Karen Bryant, the last of British judo’s not-so-magnificent seven has crashed out in her opening bout to Mexican Vanessa Zambotti, an opponent she normally would expect to have overthrown, a defeat that was sadly indicative of the way all of the British team have underachieved here. Seventh was their highest individual placing.
There will now almost certainly be a review of the sport’s future financing by funding distributors UK Sport. Since Athens, when Britain also came away empty-handed, there have been administrative shake-ups by the British Judo Association and a virtually clean sweep of coaching staff.
Two women, Margaret Hicks and Karen Roberts were put in charge of performance following the departure of the chief executive and German national coach. While Craig Fallon did win a world championship in 2005, and there have been some medal successes at European level, the Olympic return from Britain’s four men and three women has again been disastrous. Team manager Roberts, herself a former world championship bronze medallist, admitted she felt “gutted” by the overall result but added: “They all gave us 100 per cent in their preparation and the support team has been completely committed. But it is not just the disappointment of the event here but the years of work that have one into this which does not reflect the ability of the team.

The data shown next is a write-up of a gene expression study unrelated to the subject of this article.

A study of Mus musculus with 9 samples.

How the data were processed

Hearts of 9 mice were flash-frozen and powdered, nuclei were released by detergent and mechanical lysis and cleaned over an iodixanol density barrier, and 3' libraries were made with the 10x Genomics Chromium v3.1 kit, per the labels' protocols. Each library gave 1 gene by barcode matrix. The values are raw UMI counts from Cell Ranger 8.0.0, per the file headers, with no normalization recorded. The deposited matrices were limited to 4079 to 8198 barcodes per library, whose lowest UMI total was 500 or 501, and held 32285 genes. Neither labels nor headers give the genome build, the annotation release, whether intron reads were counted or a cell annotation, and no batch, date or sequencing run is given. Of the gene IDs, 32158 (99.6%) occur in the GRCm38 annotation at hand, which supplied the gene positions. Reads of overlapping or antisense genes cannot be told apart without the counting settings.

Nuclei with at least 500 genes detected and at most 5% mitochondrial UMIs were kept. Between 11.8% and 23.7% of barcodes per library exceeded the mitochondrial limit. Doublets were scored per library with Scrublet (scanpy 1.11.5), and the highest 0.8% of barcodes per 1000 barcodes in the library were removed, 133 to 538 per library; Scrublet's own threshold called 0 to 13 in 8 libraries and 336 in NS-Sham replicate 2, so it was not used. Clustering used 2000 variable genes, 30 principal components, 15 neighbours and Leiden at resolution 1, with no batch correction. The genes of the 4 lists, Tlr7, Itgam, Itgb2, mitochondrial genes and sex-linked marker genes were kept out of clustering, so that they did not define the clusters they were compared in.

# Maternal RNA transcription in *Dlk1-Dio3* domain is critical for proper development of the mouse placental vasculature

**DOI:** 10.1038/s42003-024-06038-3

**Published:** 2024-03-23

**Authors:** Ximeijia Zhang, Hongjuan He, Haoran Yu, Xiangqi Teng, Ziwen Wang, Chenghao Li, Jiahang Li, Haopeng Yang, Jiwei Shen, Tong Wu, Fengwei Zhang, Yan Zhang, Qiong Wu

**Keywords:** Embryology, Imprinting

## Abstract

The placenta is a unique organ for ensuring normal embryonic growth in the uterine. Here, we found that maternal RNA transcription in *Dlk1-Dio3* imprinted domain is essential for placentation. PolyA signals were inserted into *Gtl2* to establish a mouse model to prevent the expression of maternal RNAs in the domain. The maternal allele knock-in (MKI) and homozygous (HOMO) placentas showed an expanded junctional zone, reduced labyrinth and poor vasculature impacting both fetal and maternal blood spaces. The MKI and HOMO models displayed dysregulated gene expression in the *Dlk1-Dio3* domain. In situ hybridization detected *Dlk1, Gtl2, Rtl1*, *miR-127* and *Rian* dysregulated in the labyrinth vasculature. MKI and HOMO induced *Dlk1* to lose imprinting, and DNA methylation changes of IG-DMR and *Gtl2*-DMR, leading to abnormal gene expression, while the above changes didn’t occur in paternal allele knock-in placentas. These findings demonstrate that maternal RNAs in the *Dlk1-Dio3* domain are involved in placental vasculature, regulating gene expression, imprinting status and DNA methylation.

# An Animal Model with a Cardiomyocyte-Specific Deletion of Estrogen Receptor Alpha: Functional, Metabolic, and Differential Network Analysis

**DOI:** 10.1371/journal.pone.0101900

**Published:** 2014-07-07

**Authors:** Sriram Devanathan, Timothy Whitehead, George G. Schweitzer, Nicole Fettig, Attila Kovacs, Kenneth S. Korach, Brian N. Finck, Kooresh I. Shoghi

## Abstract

”I hope our funding is not affected. Margaret Hicks (the new performance director) and I came in only a year ago very much with 2012 in mind and UK Sport has always been right behind us. They know we are looking forward to 2102 and that we need to make more changes. What we have to do now is create more depth in our system and this is not something we can do overnight.”
Britain has never won Olympic gold but there have been 16 medals overall, the last of which was Kate Howey’s silver in Sydney eight years ago.
Bryant, competing in her third Olympics, lost by two yukos and a koka to a koka, which basically is judo-speak for two falls to one. The early exit was a particularly bitter blow for the popular 29-year-old heavyweight. ”I’m very frustrated - more disappointed than anything, because I didn’t perform to my full potential,” she said. Zambotti made things very difficult, but I should have been on better form. I still feel pretty raw and I will be asking myself for a long time what went wrong.”
Perversely, she is a performer with some pedigree – a dozen medals at world and European level –and while she was not expected to win a gold there was every hope that the effort she had made over the past year to correct the disparity of her body weight by bench pressing up to 100kg a day and bulking up her diet would get some tangible reward. She is someone for whom the sport “consumes every waking hour.” “Apart from eating and sleeping judo is all I ever do."
In the past she has always seemed amazingly slim compared to many of her giant rivals and found it “mentally and physically” difficult to gain weight, often being outweighed by several stones.
“I used to look in the mirror and say’ that’s not what I want to be.’”
Now, like the rest the team, she will be taking another long hard look at herself as the funding body also re-examines its substantial commitment to a sport that hasn't got to grips with itself.